Written by: Phil Hay, Michael Leeson, Matt Manfredi, Michael J. Wilson
Directed by: Kevin Donovan
MPAA Rating: PG-13 for action violence, sexual content and language
Running Time: -99
Date: 09/19/2002
IMDB

The Tuxedo (2002)

2 1/2 Stars (out of 4)

Sharp Dressed Man

By Jeffrey M. Anderson

Through the history of the Oscars, you'll notice that Gene Kelly, Fred Astaire, Buster Keaton and Harold Lloyd were never nominated for Best Actor. Charlie Chaplin was, once, and Astaire did get a nod for Supporting Actor late in his career. But the point is that these artists became cinema legends despite acting chops. Their appeal was based on something else.

Jackie Chan belongs to that group, and it matters not a little that he admires and emulates all five of them.

Chan's English really isn't that superb (but, hey, it's better than my Chinese), and he's not a performer who is going to disappear into a role like, say, George C. Scott's Patton. But he's a great movie star, a phenomenon the world over, thanks to his acrobatic martial arts skills and his considerable screen presence.

I bring all this up because I found myself thinking how minor Chan's new film The Tuxedo, which opens today in Bay Area theaters, felt. But then I wondered what it would have been like reviewing one of Fred Astaire and Ginger Rogers' new films back in the 1930s, when the latest one was just like the last one. I would have been tempted to knock the film on that basis alone, even though those carbon copy movies today resonate as some of the flat-out most solid entertainments ever crafted in Hollywood.

So I tried to put a little historical perspective on The Tuxedo and I found myself enjoying it perhaps more than I should have.

Basically, Chan plays a taxi driver named Jimmy Tong who gets hired to drive millionaire entrepreneur Clark Devlin (Jason Isaacs) around. Devlin has invented an electronic tuxedo that allows the wearer to automatically have certain skills, like dancing or assembling a high-powered rifle.

The bad guys make an attempt on Devlin's life, which sends him to the hospital. Jimmy steps in for him, teaming up with bookish and smart-mouthed secret agent Del Blaine (Jennifer Love Hewitt) to rout out the bad guys and discover their evil scheme (which has something to do with engineering the world's water supply to make people more thirsty).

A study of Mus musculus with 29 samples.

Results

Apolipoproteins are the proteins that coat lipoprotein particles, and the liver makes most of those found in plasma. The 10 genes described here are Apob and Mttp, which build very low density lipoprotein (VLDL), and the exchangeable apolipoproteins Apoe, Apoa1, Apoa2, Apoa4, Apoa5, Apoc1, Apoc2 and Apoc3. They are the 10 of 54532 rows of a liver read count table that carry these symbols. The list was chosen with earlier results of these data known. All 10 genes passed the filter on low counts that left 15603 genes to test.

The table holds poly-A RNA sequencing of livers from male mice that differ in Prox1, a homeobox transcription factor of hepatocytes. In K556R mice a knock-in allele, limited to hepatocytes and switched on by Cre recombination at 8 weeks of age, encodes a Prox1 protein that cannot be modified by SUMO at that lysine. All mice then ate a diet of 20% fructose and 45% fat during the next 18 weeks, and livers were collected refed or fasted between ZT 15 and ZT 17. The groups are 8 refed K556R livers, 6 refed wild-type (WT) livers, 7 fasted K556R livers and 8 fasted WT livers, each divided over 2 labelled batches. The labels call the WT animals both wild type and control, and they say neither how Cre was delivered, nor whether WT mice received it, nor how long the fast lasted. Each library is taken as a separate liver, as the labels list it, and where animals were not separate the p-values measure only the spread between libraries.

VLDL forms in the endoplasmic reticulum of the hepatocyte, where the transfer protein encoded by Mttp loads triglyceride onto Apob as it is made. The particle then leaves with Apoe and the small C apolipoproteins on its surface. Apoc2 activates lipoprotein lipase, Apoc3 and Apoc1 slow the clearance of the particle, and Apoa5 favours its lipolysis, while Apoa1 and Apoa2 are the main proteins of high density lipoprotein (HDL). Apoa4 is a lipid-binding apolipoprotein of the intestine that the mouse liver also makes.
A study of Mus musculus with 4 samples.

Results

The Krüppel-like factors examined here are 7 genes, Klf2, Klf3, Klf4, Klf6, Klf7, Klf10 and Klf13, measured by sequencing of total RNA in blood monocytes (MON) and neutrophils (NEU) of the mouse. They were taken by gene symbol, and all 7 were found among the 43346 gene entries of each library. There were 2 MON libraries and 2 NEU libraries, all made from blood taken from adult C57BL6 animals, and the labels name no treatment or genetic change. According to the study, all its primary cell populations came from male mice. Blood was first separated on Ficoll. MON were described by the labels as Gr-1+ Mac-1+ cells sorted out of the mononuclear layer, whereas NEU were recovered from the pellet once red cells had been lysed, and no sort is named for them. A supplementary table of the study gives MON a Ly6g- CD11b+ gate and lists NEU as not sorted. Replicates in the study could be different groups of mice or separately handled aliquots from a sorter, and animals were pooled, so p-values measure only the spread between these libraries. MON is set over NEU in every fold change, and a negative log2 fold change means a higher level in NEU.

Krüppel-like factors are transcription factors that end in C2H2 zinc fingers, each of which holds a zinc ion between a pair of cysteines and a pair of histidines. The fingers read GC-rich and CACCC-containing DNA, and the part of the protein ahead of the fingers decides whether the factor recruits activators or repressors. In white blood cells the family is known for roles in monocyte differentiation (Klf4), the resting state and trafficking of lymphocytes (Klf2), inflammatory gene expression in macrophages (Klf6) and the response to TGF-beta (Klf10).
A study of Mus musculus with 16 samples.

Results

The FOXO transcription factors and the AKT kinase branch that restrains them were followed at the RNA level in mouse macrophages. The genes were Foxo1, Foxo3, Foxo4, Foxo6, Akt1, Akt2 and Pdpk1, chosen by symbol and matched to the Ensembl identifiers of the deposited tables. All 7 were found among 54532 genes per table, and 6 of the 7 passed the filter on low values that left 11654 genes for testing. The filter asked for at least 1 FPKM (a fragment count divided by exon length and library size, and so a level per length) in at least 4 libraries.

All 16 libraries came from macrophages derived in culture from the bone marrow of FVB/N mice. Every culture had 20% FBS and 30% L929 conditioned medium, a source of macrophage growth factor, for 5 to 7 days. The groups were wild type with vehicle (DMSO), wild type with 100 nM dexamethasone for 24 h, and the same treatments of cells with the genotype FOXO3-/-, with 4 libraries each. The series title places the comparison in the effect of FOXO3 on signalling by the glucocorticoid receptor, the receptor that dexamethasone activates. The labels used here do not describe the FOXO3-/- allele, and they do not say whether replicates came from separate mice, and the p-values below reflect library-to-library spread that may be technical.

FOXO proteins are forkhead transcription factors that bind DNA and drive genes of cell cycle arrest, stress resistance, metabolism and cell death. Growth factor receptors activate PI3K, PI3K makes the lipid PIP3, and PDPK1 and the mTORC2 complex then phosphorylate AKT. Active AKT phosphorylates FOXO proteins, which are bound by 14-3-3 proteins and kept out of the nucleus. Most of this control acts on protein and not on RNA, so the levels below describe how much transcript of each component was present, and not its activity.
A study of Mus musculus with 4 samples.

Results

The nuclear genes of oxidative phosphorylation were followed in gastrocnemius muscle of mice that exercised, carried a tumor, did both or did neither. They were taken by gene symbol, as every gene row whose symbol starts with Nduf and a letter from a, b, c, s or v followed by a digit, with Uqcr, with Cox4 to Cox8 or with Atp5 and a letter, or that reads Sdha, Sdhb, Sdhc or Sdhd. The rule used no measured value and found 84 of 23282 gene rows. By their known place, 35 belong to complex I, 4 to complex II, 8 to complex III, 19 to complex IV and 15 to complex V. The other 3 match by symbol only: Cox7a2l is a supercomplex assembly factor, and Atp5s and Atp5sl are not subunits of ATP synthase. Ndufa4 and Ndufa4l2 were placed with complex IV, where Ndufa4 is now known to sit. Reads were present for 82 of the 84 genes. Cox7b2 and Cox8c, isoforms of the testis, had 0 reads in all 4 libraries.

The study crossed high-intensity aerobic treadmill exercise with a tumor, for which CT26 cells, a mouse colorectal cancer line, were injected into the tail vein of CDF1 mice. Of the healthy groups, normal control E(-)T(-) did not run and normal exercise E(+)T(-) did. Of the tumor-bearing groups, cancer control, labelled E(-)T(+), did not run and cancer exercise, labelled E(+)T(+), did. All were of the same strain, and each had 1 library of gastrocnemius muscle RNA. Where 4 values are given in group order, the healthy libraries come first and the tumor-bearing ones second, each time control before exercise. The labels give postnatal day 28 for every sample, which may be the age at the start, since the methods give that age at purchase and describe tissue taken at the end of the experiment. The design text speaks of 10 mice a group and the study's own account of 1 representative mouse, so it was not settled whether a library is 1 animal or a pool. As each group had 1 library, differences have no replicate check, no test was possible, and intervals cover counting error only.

Through the course of The Tuxedo, Chan performs less spectacular fight scenes and trick shots than usual in favor of snappy banter between himself and Hewitt. Unfortunately, the banter could have used a little sharpening. Fortunately, Chan does something he's never done -- a dance number. When he accidentally knocks James Brown (playing himself) unconscious, Jimmy takes his place on stage, performing a knockout, Brown-like "Get Up (I Feel Like Being A Sex Machine)."

This scene alone might have been worth the price of a ticket, but not surprisingly, first-time director Kevin Donovan -- who came from TV commercials -- hacks the scene to bits, cutting every two seconds and ruining the fluidity of the number. Astaire, who insisted his dance numbers be shot from head to toe in one continuous take, would roll over in his grave if he could see it.

I finally arrived at the conclusion that Chan needs some of Astaire's or Chaplin's old crew members to do him any justice. Hollywood knows he's talented but since he can't "act," they won't "waste" any high-class filmmakers on him. Imagine the result if, say, the Coen Brothers or Quentin Tarantino got their mitts into a Jackie Chan picture.

For now, The Tuxedo may be the latest in a string of similar films, but it's the best we've got.

DVD Details: It goes without saying that Jackie Chan has not done his best work in Hollywood, but I can't understand why this silly, harmless flick was so brutally savaged last fall. Chan stars as a cabbie who gets hired as a driver for a slick entrepreneur. He winds up stepping in as a super-spy, wearing a computerized tuxedo to stop the bad guys from messing with the world's water supply. Though Jennifer Love Hewitt is no Meryl Streep, she's charmingly goofy as Chan's sidekick, and Debi Mazar, Peter Stormare and Jason Isaacs provide amusing support. Indeed, it's better to rent something like Project A II, but The Tuxedo is for fans who don't mind lesser work by one of the most astonishing film artists working today. Universal's new DVD contains bloopers, deleted scenenes, featurettes, a director commentary track, a trailer and cast and crew bios. Be sure and pick up the widescreen version.